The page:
SHIRLEY, N.Y. (CBSNewYork) — A Long Island mother of two was mowed down by a driver this week, moments after she dropped off her son at a music lesson.
As CBS 2’s Carolyn Gusoff reported exclusively, Maria Braccia, 54, was in serious condition Friday afternoon as police worked to hunt down the driver.READ MORE: Tri-State Area Residents Behind On Utility Bills Encouraged To Apply For State Assistance As Moratorium Nears End
Braccia appears clearly in a surveillance video, walking away from a music school moments after dropping off her son.
Seconds later, as she crosses the street, she is hit. The driver does not even slow down upon impact.
“You saw brake lights go on, but he didn’t stop and get out of the car or anything. He just kept going,” said Jeff Denny, owner of the Music Station in Shirley.
Denny said Braccia had just left her 17-year-old son at a half hour drum lesson. It was about 8 p.m. Thursday, and she had stepped out to kill time at the shopping center across Grand Avenue in Shirley.
The people in the music store heard the commotion outside and there, the teen found his mother lying critically injured in the street.
“When he came out, he said, ‘I think that’s my mom,’” said witness Bobby Pastore.
“I think the message here is please slow down and look ahead,” added Denny. “Who knows if the guy was texting or something?”
Braccia, a physical therapist who lives in Mastic, was rushed to Brookhaven Memorial Hospital Medical Center in East Patchogue. The pieces of the car lay in the road — the only clues as Suffolk County police tried to find the hit-and-run driver.READ MORE: Police Open Fire, Arrest Man Threatening People With Stolen Kitchen Knives In Lower Manhattan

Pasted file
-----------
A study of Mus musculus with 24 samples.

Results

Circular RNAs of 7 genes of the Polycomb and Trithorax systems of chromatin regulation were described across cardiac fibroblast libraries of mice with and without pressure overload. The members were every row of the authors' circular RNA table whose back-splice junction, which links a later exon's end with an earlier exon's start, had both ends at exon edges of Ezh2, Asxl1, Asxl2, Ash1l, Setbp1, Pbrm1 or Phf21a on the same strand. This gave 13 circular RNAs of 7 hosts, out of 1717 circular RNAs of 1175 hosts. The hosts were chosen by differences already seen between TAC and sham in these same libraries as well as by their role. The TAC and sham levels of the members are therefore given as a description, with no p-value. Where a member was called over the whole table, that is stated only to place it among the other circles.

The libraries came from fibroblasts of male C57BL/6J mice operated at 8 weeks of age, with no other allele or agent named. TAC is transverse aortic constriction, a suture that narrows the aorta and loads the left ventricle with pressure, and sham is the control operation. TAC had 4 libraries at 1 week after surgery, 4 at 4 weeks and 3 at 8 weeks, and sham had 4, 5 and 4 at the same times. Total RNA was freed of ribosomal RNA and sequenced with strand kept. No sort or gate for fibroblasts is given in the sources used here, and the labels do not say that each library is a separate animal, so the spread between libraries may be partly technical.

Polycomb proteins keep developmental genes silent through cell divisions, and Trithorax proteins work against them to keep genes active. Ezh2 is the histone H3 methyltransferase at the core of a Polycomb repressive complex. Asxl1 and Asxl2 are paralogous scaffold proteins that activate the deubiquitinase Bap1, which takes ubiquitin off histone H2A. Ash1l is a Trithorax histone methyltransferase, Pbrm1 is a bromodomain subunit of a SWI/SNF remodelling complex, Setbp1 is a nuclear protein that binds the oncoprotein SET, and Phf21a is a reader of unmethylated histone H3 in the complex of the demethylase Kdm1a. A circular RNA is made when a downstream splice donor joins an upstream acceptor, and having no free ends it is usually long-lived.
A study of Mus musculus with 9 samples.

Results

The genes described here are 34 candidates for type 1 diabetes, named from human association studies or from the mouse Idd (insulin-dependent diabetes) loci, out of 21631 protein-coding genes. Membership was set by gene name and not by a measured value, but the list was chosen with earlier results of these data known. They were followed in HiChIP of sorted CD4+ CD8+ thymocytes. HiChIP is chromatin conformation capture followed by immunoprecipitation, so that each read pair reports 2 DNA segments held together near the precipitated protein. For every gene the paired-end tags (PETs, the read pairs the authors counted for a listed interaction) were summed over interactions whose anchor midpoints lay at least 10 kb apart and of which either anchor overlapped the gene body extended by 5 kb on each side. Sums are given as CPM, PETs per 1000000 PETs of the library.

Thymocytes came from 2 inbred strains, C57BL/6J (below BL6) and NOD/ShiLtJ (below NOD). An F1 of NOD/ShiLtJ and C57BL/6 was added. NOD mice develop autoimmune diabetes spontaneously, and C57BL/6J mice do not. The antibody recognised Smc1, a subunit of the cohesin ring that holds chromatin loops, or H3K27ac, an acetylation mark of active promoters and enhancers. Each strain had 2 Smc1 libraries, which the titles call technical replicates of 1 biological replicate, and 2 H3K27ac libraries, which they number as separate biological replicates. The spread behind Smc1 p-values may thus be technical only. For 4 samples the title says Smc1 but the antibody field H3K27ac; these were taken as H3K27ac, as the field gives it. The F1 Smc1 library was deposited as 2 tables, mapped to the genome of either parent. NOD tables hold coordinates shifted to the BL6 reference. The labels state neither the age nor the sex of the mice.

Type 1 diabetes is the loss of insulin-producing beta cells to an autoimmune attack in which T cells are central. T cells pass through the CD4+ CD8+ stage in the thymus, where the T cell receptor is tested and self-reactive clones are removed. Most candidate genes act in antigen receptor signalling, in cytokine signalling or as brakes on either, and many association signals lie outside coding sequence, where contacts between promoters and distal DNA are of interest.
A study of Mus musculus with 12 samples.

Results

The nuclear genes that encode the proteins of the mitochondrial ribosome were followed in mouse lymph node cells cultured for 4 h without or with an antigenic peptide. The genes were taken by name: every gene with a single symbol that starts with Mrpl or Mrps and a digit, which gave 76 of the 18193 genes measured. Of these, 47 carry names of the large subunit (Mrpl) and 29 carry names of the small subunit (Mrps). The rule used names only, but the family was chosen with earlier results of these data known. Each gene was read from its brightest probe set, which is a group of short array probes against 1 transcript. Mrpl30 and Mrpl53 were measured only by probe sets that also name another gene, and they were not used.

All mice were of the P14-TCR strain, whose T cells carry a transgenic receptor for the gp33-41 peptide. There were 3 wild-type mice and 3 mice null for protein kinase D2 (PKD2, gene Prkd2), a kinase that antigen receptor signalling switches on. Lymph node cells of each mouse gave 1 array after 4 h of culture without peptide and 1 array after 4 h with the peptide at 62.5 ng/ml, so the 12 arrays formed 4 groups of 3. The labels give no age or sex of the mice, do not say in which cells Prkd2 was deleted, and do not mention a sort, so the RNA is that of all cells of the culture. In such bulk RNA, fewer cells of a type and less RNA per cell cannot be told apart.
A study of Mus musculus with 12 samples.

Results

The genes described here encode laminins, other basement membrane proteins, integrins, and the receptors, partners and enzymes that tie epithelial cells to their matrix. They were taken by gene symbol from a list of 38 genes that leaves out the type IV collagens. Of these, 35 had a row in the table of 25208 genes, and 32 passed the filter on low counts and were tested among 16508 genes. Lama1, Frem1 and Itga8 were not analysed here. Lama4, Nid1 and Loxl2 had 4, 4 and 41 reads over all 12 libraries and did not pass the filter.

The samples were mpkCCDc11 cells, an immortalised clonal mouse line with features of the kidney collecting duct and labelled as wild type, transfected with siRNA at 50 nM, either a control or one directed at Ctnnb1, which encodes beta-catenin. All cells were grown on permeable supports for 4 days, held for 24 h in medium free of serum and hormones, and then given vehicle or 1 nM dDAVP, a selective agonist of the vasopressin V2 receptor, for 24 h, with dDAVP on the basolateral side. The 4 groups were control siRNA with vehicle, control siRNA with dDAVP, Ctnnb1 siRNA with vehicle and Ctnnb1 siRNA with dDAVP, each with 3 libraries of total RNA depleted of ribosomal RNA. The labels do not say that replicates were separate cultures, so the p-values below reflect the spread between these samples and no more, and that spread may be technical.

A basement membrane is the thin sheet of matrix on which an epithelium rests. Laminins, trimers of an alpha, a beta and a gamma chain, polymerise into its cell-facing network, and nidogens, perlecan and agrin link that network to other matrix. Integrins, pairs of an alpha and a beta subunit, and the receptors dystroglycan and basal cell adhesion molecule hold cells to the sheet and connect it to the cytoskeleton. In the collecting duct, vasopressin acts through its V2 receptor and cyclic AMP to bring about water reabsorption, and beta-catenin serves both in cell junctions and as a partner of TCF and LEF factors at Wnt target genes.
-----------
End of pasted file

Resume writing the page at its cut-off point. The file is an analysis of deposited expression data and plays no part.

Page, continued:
This music store surveillance video so far revealed only that the offending vehicle was a sedan.
The car had just made a turn from busy Montauk Highway — a four-lane stretch lined with stores and red-light cameras.
Police Friday afternoon were reviewing the surveillance video to get a better look.
Merchants said the hit-and-run happened on a stretch of road plagued by speeding and distracted drivers.
“Young kids flying their cars up and down over here — they don’t pay attention to people walking across the street,” one merchant said.
“They go so fast, they don’t realize that they could hit somebody. They walk and talk on their cellphones,” another said.
Braccia was undergoing surgery for broken bones and other serious injuries Friday afternoon, and was listed in serious condition. Suffolk police were asking for witnesses who may have seen a car with front-end damage speed away.
Braccia’s fiancé, Hector Vasquez, told CBS 2 the family is seeking justice. He said “hit and runs have become an epidemic,” and he hopes the driver is apprehended.